The cookie technology refers to the use of HTTP cookies or web cookies by the websites. A cookie is a piece of text that is sent by a server to a web client, and returned by the client each time it uses that server. Usually, a cookie is a text message that is less than 255 characters long. The cookie technology is used for authentication of website users, session tracking as also for maintaining information about the users.
Why is Cookie Technology Used?
Cookies serve as the means to identify a particular user. Once a user logs in to a website, a cookie can be made to associate with the user's log-in information. For the subsequent visits by that user to the same website, the cookie can let know the website that the user is authenticated. Thus, the user is saved from the monotonous tasks of filling in the login information each time he visits the website.
The second purpose of using the cookie technology is to differentiate between users. The information pertaining to the user and his preferences can be held in the cookies. This makes it possible for websites to provide personalization to their users. Based on the preferences of a particular user, websites personalize the presentation of the website and also its functionality according to user preferences. Many websites offer authenticated users, a facility to customize the web pages and obtain a personalized look and feel of the website.
How Cookies Work
- The transfer of web pages between a server and a browser happens by means of the Hypertext Transfer Protocol (HTTP). When a user types a URL in the address bar of a browser, the browser takes it and sends a request to the server, asking for the web page specified by the user.
- Next, the server sends the page requested by the browser, in the form of an HTTP response. The response is sent as a packet of text that may contain a statement asking the browser to store cookies. This is done by means of a statement, "set-cookie: name = value". The browser is asked to store the value-string in 'name' and return it to the server during any of the further requests made to it.
- During any subsequent request made to the same server, even while requesting a different web page from that server, the browser sends back the cookie value to server. The server identifies this information and fulfills the request, without having the user to perform the authentication process again.
- By means of cookies, websites can track the number of users visiting it. A website maintains user information in its database. It can implement a mechanism of counting the visits of users, frequency with which a particular user visits a website, noting the users' preferences, and storing this information in the website database.
- Some websites allow their users to change the layout and content of the website for a personalized view of the site. The cookie technology has made this possible.
- The technology is also useful for advertisers to track the on-site behavior of users. While keeping the personal information of a visitor confidential, cookies help the advertisers in knowing the web surfing habits of the visitors. Advertisers can promote certain products to certain users based on the information they gather from cookies.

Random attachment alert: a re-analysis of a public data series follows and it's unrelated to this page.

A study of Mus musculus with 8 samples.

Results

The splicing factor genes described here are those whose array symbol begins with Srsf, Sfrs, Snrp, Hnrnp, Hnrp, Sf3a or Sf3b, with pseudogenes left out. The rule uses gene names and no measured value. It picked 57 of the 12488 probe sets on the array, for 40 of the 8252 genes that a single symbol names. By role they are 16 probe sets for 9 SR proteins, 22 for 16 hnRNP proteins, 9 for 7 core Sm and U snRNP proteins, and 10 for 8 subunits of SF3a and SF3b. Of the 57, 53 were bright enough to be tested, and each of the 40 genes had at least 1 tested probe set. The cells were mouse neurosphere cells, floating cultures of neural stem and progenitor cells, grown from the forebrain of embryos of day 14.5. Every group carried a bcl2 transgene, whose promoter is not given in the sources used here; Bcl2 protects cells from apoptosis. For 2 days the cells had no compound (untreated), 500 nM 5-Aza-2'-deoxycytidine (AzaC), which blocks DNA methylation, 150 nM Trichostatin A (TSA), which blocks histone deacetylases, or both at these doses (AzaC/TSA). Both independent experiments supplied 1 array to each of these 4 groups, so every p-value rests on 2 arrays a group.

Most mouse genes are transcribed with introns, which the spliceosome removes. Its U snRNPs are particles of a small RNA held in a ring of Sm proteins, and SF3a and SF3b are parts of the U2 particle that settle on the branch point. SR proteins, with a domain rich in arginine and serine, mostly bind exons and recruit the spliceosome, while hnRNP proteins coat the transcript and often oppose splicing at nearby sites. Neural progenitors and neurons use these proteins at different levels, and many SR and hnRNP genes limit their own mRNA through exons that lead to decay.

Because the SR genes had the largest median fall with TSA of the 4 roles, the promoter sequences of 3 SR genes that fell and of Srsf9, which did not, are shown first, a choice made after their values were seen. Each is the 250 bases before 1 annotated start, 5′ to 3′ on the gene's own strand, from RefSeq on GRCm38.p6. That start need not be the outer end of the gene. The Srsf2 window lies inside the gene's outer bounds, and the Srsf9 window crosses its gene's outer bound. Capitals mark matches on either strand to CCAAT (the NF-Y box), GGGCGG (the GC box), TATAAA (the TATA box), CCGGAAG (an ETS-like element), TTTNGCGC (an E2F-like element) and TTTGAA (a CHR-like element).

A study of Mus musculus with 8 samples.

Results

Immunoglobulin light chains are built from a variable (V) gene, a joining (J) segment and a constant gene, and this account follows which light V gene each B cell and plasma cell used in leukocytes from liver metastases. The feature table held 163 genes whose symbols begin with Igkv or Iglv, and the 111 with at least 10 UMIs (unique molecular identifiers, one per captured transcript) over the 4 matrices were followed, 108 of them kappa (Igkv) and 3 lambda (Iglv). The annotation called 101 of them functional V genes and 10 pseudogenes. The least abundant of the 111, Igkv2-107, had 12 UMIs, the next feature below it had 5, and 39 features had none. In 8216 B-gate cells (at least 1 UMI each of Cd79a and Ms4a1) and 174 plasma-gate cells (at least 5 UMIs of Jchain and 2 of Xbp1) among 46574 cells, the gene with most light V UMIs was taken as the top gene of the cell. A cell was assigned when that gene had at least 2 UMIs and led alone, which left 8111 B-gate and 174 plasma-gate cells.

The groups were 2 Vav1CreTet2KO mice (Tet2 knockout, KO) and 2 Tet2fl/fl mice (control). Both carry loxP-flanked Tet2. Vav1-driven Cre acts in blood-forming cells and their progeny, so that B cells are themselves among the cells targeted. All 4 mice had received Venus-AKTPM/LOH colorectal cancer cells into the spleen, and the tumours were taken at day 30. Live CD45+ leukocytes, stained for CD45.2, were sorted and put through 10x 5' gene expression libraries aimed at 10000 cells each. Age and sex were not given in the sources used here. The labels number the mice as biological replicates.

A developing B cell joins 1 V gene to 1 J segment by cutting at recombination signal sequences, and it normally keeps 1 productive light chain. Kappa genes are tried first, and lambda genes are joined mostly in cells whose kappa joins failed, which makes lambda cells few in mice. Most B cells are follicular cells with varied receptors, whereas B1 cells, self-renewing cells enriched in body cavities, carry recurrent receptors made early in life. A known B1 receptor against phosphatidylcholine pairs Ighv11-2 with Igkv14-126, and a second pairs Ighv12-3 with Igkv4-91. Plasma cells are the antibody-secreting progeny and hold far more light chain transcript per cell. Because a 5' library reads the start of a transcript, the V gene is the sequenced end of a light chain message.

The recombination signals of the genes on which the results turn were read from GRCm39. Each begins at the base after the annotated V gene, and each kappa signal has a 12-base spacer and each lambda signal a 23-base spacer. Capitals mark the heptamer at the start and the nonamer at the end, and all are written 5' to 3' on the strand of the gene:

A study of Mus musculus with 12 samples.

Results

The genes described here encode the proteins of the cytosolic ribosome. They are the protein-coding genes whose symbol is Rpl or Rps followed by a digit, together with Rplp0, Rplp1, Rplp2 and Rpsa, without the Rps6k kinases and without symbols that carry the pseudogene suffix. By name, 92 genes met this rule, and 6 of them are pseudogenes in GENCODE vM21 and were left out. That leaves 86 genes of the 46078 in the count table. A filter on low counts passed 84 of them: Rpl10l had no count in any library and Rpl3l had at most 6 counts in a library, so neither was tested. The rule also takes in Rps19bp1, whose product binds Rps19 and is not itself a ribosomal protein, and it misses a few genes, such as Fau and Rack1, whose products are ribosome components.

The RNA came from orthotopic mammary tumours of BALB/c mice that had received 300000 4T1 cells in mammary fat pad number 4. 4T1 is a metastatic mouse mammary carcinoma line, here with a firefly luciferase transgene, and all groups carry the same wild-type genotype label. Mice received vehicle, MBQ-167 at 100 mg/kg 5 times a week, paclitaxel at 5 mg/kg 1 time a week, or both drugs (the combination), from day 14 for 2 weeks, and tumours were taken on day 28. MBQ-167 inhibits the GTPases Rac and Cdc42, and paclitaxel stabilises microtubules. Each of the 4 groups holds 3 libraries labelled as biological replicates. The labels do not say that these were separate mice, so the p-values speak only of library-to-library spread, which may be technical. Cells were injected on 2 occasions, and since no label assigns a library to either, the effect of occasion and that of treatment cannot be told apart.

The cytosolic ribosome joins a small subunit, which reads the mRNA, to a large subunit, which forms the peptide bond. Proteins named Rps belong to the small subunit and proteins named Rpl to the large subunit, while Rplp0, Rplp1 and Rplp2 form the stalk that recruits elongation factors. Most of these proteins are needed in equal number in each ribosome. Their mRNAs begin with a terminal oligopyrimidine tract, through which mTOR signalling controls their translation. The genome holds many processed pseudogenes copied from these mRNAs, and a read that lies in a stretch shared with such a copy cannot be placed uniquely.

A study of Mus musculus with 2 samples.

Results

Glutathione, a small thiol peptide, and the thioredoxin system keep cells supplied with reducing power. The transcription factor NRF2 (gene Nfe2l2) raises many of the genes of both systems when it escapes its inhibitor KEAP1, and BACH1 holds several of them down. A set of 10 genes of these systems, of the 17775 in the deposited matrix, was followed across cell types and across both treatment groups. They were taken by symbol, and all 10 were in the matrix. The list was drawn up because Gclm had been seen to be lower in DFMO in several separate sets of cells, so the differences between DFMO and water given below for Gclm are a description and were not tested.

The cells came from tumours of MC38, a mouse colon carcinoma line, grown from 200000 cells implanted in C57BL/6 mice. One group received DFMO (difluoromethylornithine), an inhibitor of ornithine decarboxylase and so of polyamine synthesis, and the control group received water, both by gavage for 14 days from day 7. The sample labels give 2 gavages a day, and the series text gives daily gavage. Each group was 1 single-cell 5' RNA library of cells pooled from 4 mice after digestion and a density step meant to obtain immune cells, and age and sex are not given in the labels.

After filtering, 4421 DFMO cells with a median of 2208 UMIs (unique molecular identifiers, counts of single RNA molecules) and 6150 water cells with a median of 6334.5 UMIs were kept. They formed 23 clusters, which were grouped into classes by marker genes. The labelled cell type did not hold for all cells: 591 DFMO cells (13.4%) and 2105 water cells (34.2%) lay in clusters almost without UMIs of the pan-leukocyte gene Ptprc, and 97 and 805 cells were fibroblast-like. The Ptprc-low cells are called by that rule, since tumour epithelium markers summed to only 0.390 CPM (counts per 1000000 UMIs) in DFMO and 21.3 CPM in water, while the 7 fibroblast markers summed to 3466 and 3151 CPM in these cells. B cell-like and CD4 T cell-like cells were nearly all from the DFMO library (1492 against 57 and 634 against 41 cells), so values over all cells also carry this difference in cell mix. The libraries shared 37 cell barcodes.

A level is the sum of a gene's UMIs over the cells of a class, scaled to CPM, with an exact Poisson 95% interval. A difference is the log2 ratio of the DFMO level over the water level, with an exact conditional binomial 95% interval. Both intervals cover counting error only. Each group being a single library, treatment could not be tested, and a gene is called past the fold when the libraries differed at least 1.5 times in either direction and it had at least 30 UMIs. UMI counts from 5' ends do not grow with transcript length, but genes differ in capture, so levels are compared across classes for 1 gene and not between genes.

- The very popular e-commerce websites harness this technology to implement shopping carts. When a user selects an item, the item is stored in the site's database. When the user checks out, the website stores information about the items he/she has shopped. This makes it possible for the shopping website to know the user's preferences in shopping. The online shopping mechanism would have been difficult without the use of cookie technology.
- Cookie poisoning is defined as the act of manipulating the contents in the cookie before they are sent to the server. Changing the information contained in the cookies can misguide websites and advertisers. In case a cookie contains transaction information, an attacker can change the value in the cookie causing losses on part of the user or the e-commerce website involved in the transaction. Every site has an independent set of cookies, which another site should not be able to manipulate. The cookie technology is vulnerable to this in case of some browsers.
- Cookies may generate an inconsistent state between the state of the client and the state stored in the cookie. In cases where an operation is undone by clicking on a Back button, or when a page is reloaded, the state stored in the cookie should reflect the corresponding change. The cookie technology lacks the ability to distinguish between two users who use the same user account. Cookies do not distinguish one user from another. They can distinctly identify only the combination of a user account, a browser, and a computer.
- The cookie technology is vulnerable to cookie hijacking. Cookie hijacking refers to interception of information on the cookies by a malicious user. When cookies are sent over the network in unencrypted HTTP sessions, there exists a potential risk of the information on the cookies being stolen.